Stephanie LH Harvey's Artists Statement:
"I am often asked why I have chosen to make art. The answer always involves something the French sculptor Marisol said: 'I was born an artist. Afterwards, I had to explain to everyone just what that meant.' Although I am always trying to figure out exactly how and why art is such an enormous part of my life, I do know the importance of an artist´┐Żs ability to send a message to the community. For me, the traditional gendered roles need to be reevaluated. In my art, I strive to do this in any way that I can.
Much of my recent work comes from my feelings of being pulled two very different ways because I am a woman. I am torn between these two vividly different and wildly ensued people, or a place to call home in between the two. There is a maiden-named, tattooed, wild painter with gesso on her jeans and ink under her fingernails. She glamorously drinks and smokes at gallery openings and self-expresses at any and all costs. In opposition, sits the stay at home wife and mother of two. An apron-clad woman who can wipe runny noses, organize a church bake sale, and change a diaper in one motion.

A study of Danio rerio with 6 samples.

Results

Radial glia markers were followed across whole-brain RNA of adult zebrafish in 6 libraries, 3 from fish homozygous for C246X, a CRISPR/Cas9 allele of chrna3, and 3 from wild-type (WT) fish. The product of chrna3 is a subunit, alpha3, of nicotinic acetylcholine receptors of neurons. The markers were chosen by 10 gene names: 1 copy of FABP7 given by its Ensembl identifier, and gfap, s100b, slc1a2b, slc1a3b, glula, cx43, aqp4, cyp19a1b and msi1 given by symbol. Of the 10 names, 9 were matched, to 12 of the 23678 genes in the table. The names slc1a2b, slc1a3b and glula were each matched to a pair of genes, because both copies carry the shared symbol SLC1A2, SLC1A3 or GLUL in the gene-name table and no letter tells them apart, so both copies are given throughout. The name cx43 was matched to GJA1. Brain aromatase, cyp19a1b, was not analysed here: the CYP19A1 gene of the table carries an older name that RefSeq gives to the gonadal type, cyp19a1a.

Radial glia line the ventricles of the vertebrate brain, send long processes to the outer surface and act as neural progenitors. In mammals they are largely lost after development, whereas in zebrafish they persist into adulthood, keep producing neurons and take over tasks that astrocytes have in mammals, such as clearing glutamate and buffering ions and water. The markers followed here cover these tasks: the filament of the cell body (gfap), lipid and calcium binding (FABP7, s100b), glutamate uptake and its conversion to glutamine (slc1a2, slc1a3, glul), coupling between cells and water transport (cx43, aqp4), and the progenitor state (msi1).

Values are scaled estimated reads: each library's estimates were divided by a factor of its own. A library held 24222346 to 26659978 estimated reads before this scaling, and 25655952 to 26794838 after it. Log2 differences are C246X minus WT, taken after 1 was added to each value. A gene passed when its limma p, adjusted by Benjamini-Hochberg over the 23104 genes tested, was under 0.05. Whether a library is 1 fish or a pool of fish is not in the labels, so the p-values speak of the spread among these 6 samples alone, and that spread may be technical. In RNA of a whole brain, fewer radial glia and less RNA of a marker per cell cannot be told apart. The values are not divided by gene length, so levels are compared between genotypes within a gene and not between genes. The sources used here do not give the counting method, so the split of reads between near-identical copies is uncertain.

For me, personally, rejecting the traditional feminine rolls has its consequences. Although I do not completely confine myself to the stereotypical housewife and mother, I feel pressure to demonstrate my womanhood. I find myself baking cupcakes more than necessary, insisting to wear mascara most every day, and proving my proficiency in other ´┐Żlady-like´┐Ż activities, in an attempt to somehow overcompensate for being a feminist. I wonder why I do not just think of myself as an artist, but as a female artist. Much of my inspiration for my art comes from these gender-geared labels and the connotations that float around them."
The visual artists that inspire Stephanie are Frida Kahlo, Swoon, Albrecht Durer, Benjamin D. Rinehart, Louise Bourgeois, Cindy Sherman, Banksy, and Annie Leibovitz. Stephanie got her start in black and white film in 2001 and frequently throughout the years has gone back to shooting in 35 mm film and working in the darkroom. In 2009, she turned her passion for digital photography into the start of a business, Boomerang Photography, in which she focuses on children portraiture. It wasn't until college when she discovered printmaking. Despite experimenting with lithography, relief printing, and serigraphy, she found a real love for intaglio- specifically drypoints. She will obtain her Bachelors Degree in Fine Art from the University of Wisconsin Oshkosh in late 2012. She currently resides in Kimberly, WI with her husband, two children and pets.